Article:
Last week, the Supreme Court handed down its decision in the case, Selia Law v. CFPB. The case involved a challenge to invalidate the entire Consumer Financial Protection Bureau (CFPB), a federal agency created to prevent predatory lending. Instead of invalidating the entire agency, the Justices focused on the question of whether the president can remove the CFPB’s sitting director “at will.”
The Supreme Court held that the president may remove the CFPB director at will. The Court held that the CFPB’s structure as an independent agency headed by a single director who could only be removed by the president “for cause” violated the Constitution’s separation of powers doctrine. The president has the power to supervise and remove the head of federal agencies. Congress may limit the president’s removal authority in certain situations, but not in the context of the CFPB, where its director is a single director who acts alone and has significant governmental power.
The Selia Law v. CFPB case could act as an attack on other independent agencies, including the Social Security Administration. Just like the CFPB, the Social Security Administration is an independent agency that has a single head who can only be removed “for cause,” including neglect of duty or malfeasance in office. This may mean that the Social Security Administration’s current director is invalid.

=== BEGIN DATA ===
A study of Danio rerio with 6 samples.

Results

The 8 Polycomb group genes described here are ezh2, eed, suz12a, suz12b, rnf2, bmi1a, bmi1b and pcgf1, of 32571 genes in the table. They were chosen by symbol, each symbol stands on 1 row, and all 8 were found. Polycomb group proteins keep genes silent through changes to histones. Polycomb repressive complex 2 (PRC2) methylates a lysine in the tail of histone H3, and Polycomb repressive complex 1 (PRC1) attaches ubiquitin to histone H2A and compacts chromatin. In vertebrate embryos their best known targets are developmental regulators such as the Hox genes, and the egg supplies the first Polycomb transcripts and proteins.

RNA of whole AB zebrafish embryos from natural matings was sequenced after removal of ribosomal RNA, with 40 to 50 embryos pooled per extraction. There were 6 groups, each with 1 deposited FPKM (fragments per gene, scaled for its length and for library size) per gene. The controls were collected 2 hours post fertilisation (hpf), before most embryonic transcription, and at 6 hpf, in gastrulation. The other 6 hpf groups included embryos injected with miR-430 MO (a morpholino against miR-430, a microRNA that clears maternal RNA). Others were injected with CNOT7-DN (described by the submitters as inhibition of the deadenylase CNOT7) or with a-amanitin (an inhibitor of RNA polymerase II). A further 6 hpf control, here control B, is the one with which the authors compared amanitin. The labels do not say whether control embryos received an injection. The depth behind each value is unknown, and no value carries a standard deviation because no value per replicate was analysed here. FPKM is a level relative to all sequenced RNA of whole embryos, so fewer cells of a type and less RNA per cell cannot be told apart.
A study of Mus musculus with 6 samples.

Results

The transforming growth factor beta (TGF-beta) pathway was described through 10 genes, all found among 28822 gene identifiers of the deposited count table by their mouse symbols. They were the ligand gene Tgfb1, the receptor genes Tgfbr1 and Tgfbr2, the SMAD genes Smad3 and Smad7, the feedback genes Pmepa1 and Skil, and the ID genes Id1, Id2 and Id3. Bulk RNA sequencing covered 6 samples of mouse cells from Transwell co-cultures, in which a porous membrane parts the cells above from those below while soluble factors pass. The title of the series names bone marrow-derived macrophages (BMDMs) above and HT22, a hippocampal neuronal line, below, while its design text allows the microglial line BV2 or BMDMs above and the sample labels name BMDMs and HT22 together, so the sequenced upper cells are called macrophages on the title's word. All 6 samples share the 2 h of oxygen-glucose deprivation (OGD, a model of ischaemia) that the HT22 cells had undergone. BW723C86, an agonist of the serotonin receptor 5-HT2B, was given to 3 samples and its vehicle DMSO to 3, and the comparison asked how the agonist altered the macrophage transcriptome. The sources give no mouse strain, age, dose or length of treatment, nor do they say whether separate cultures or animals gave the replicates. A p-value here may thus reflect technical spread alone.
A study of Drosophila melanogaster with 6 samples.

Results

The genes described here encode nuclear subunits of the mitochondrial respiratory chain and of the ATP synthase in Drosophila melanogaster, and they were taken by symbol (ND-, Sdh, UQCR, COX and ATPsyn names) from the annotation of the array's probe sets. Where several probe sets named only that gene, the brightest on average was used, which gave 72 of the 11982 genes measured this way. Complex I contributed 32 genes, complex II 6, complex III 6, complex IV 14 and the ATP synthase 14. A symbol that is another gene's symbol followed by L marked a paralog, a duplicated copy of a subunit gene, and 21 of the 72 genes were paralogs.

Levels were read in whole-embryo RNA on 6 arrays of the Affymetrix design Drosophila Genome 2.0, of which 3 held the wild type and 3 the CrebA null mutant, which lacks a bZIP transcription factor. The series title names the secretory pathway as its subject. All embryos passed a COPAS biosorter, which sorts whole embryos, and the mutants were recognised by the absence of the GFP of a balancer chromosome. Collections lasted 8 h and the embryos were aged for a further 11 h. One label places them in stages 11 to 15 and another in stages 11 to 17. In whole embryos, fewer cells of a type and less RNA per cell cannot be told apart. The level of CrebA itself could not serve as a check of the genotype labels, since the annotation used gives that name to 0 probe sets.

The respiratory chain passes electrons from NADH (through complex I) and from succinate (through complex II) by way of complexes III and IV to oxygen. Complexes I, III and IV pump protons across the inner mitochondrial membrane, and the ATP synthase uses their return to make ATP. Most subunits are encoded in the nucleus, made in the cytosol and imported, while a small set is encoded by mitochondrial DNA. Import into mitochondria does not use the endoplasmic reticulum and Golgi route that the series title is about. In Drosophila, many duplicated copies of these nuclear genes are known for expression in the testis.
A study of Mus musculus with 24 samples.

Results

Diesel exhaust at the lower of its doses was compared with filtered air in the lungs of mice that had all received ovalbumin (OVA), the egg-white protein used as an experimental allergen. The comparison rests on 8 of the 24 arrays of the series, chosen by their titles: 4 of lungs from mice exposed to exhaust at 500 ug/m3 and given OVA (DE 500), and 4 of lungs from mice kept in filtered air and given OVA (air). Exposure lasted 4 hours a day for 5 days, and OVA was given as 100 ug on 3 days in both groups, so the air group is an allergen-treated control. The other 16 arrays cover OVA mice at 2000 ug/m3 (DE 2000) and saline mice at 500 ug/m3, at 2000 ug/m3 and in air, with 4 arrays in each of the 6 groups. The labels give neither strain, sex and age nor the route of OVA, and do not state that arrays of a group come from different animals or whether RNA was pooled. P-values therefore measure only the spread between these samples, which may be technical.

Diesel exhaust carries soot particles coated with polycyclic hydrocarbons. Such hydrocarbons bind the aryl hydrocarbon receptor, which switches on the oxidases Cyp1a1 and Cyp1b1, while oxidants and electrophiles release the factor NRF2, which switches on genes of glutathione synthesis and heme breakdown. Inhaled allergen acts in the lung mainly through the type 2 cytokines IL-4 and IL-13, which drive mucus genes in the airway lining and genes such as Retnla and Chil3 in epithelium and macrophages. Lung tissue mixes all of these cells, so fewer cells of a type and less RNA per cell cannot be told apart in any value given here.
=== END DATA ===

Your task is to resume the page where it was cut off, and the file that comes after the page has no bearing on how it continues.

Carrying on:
In the Court’s decision, the CFPB was described as a powerful agency that stood alone. The Decision stated that other agencies led by a single administer (like the Social Security Administration) do not have as much regulatory or enforcement power as that of the CFPB. The Court’s decision said, “unlike the CFPB, the SSA lacks the authority to bring enforcement actions against private parties.” But it was also noted that the Social Security’s current structure only dates to 1994 and that president Clinton questioned its constitutionality when signing it into law.
Many argue that the Social Security Administration is as powerful as the CFPB. This argument will likely be made in a challenge to the structure of the Social Security Administration. If a challenge is successfully made and the Social Security’s current structure is invalid, the decisions of Administrative Law Judge’s and the Appeals Council may be called into question. We will continue to monitor the litigation of this issue and its effect on previous decisions.